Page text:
Illustration: Lazaro Gamio / Axios

Over the past week or so, we've heard all kinds of theories from administration officials and President Trump's friends on the outside about why he's cutting deals with "Chuck and Nancy" and softening on his core issue of immigration.

The points we keep hearing:

  • Trump is loyal to nobody but himself, and certainly no political party given how frequently he changes party affiliation.
  • He wants deals at any cost and, unburdened by ideological beliefs, he'll switch sides overnight.
  • He's so frustrated by Republican leadership that he's been driven into the enemy's arms.
  • And lastly, for the first time in his presidency, he's enjoying positive media coverage and coherent reinforcement from his top aides.

Our thought bubble: The dramatically different information Trump receives daily under the leadership of Chief of Staff John Kelly is an under-looked factor in Trump's decision to double down on his partnership with the Democratic leaders.

Trump's top advisers — Jared and Ivanka, General Kelly, and Gary Cohn among them — are mostly sympathetic to "Dreamers." There's no more Steve Bannon. And Stephen Miller's nationalistic voice is a lonely one inside the White House these days. So consider how different life is these days for aides bent out of shape by Trump's public pivot to Marco Rubio-style arguments regarding a path to citizenship for young immigrants brought here illegally as children.

  • Remember, to the ears of immigration hardliners, Trump's tweets Thursday would have sounded like something Marco Rubio might have said during the Gang of Eight fight.
  • Instead of being able to march into the Oval Office and hand Trump the latest Breitbart headline or printouts of tweets showing how badly his amnesty drive is playing with his fiercest nationalist supporters, aides opposing the decision would now have to go through the Kelly process, which would involve submitting an official, documented, request to meet with the president.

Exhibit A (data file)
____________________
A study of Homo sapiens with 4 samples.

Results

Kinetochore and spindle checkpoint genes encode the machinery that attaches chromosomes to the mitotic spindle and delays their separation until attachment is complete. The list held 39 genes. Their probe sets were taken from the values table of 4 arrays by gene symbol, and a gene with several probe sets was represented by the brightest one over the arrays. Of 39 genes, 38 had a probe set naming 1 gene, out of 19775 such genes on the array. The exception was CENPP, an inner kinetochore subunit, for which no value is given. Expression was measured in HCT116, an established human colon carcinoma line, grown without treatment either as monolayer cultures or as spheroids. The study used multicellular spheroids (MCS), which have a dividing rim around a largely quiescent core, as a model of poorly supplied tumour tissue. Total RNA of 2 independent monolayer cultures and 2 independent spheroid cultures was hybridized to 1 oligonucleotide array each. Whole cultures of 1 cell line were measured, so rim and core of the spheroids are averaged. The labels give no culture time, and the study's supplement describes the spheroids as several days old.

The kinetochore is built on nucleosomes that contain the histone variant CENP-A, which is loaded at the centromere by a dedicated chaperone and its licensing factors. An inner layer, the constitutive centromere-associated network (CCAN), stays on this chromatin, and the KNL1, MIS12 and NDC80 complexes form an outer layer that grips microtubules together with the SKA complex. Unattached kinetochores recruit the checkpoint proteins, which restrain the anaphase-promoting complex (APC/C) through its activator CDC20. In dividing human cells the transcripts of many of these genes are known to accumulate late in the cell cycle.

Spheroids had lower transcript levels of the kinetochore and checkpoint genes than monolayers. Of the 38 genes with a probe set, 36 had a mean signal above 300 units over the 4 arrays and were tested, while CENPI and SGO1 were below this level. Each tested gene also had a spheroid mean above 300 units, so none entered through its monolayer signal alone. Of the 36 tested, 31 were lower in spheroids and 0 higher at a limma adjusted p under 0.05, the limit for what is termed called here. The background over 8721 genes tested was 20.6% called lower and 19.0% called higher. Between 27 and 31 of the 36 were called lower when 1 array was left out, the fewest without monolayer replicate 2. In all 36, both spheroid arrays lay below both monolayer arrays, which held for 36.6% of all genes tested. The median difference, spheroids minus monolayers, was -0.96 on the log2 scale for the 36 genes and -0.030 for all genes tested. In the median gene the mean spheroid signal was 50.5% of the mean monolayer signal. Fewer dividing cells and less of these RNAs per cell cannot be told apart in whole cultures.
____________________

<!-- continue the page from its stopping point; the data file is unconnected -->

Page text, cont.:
The result: Trump gets mostly positive feedback for his turn towards bipartisanship. He watches cable news in the morning, and even "Fox and Friends" finds a way to praise his deal with the Democrats. He reads his morning news clips and briefing materials, which are managed by Staff Secretary Rob Porter, under the guidance of Kelly. And during the day it's not possible for a staff member to sneak a story onto Trump's desk that might rile him up and turn him in a wildly different direction in an instant.

Bottom line: Staff who oppose the moderate immigration turn no longer have unfettered access to Trump, and nor do allies on the outside who, in the first six months of the administration, used to send text messages to Trump's bodyguard Keith Schiller, and often receive a snappy callback from the president. Kelly now has real control over the most important input: the flow of human and paper advice into the Oval Office. For a man as obsessed about his self image as Trump, a new flow of inputs can make the world of difference.